Before the holidays, my good friend NIkki Mutch gave me a copy of Leonard Everett Fisher’s The Pottersthat she rediscovered amidst the many children’s books in her collection. Lucky for me, she thought it belonged in my book collection. And belong it does. What a little treasure!
During the sixties and seventies Fisher wrote and illustrated a series of books on colonial American crafts for Franklin Watts. The Pottersis part of that series. It is illustrated with detailed, powerful scratchboard illustrations, a technique for which he became famous. We see a potter digging clay, wedging, throwing at the wheel. Best of all, there are images of pots–a beautiful slip trailed plate, jugs and crocks.
This is a children’s book meant for the middle grades. Nevertheless, it is clear Fisher did considerable research. He includes a map of New York showing the location of the (now revered) Remney-Crolius Pottery as well as Pott Baker’s Hill and the Corselius Pottery. He discusses Andrew Duché, the Savannah potter who learned from the Cherokees of a pure white clay which he (correctly) thought could be used for porcelain. Unfortunately, this enterprise failed due to a lack of funding. Most of all, Fisher celebrates the many redware potters making sturdy domestic pots before the Revolutionary War. To me, reading it as an adult, I see the book as an appreciation.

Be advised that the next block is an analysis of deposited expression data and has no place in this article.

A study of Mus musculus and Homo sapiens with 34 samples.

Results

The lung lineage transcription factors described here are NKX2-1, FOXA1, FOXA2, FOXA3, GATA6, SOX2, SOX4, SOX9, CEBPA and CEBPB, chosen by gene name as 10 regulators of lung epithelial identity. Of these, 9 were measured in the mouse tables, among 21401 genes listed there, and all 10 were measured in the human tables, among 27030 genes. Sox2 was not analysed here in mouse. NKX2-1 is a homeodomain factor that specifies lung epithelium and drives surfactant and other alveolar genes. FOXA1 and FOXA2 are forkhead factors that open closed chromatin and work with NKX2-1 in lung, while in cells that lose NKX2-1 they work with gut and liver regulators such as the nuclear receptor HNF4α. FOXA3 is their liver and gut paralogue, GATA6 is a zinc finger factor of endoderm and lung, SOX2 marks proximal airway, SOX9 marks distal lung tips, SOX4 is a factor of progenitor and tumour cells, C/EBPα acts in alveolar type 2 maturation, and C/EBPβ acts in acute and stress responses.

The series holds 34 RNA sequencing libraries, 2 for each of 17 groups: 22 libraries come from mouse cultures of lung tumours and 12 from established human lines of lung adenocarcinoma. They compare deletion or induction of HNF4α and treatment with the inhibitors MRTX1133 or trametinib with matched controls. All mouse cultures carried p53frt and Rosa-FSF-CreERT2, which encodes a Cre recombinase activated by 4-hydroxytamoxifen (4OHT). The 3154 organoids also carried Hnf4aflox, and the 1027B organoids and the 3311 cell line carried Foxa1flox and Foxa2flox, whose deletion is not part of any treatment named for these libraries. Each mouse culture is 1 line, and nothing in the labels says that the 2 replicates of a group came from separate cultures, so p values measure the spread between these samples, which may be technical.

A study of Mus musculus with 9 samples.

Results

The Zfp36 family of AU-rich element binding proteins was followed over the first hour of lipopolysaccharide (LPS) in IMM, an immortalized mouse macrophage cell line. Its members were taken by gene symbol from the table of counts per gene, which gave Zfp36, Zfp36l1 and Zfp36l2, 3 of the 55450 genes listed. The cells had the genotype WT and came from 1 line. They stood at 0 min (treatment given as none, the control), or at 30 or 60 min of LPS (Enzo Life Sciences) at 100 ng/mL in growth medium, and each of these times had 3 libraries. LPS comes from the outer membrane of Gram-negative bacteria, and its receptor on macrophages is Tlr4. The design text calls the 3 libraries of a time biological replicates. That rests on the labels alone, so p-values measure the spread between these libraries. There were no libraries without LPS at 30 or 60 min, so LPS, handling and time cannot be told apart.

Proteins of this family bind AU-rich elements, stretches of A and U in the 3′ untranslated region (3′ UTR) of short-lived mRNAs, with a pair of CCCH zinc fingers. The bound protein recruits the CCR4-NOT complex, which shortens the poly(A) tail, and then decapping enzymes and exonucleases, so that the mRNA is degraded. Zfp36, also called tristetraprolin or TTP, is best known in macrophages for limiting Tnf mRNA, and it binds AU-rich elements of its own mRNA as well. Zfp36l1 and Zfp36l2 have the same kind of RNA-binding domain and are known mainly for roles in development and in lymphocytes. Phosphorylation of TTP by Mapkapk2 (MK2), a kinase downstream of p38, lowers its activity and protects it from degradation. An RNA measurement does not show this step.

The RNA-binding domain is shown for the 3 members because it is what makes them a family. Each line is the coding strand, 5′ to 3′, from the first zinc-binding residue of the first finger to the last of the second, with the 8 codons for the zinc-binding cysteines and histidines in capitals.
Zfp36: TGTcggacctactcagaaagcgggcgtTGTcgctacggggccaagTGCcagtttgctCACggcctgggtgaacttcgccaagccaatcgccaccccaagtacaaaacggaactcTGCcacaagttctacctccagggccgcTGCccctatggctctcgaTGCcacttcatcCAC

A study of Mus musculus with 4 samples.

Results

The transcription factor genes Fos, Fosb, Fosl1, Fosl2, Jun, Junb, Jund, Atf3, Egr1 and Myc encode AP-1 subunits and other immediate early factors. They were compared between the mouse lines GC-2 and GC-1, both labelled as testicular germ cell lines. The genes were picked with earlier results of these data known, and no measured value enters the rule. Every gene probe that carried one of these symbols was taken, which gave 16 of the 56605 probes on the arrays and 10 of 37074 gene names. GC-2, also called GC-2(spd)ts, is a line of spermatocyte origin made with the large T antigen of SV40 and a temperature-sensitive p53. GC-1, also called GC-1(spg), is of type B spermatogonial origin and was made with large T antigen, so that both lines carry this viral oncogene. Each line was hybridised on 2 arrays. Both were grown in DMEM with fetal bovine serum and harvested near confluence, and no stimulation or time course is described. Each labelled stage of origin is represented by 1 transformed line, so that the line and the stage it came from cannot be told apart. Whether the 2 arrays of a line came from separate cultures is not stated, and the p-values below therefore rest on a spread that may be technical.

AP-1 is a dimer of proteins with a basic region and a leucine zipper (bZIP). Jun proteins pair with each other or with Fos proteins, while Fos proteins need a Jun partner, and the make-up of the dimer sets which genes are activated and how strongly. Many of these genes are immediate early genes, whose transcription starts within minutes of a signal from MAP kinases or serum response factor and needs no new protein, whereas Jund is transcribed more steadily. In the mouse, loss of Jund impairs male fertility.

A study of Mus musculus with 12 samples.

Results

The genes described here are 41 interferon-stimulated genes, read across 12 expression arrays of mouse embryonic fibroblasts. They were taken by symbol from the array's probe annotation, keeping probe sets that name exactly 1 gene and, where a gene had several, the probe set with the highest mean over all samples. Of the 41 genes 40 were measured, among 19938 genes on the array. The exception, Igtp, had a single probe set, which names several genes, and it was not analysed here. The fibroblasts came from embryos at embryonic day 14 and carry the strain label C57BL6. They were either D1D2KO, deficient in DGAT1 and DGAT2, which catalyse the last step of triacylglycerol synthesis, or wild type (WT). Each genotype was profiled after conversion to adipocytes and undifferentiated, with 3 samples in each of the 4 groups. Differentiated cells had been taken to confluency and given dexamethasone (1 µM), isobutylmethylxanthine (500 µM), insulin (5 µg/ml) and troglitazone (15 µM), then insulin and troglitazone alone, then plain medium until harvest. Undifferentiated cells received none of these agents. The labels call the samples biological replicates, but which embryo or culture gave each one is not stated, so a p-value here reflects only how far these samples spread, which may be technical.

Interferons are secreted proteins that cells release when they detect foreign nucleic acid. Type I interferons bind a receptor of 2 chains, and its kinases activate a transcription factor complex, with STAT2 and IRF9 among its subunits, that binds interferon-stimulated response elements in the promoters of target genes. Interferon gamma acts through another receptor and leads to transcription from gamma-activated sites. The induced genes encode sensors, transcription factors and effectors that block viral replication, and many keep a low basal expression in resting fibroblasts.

Fisher, born in 1924, has illustrated over 250 children’s books, 88 of which he wrote. He studied with such luminaries as Reginald Marsh and Serge Chermayeff, and has won numerous awards. After the series on American crafts workers, he illustrated most of his books with vibrant paintings yet his scratch board illustrations, even in this age of color, still speak to us.
During my bookselling and Connecticut Children’s Book Fair years, I had the honor of meeting and hosting Fisher, and even tried to convince his publisher to make a Cyclops costume based on his book of that name. Nevertheless, somehow, I knew nothing of this delightful early book, The Potters. How wonderful to have it in my hands now.
Reissued a few times by various publishers, The Pottersis now out of print. If you are seeking a copy, look for the original Franklin Watts edition from 1969.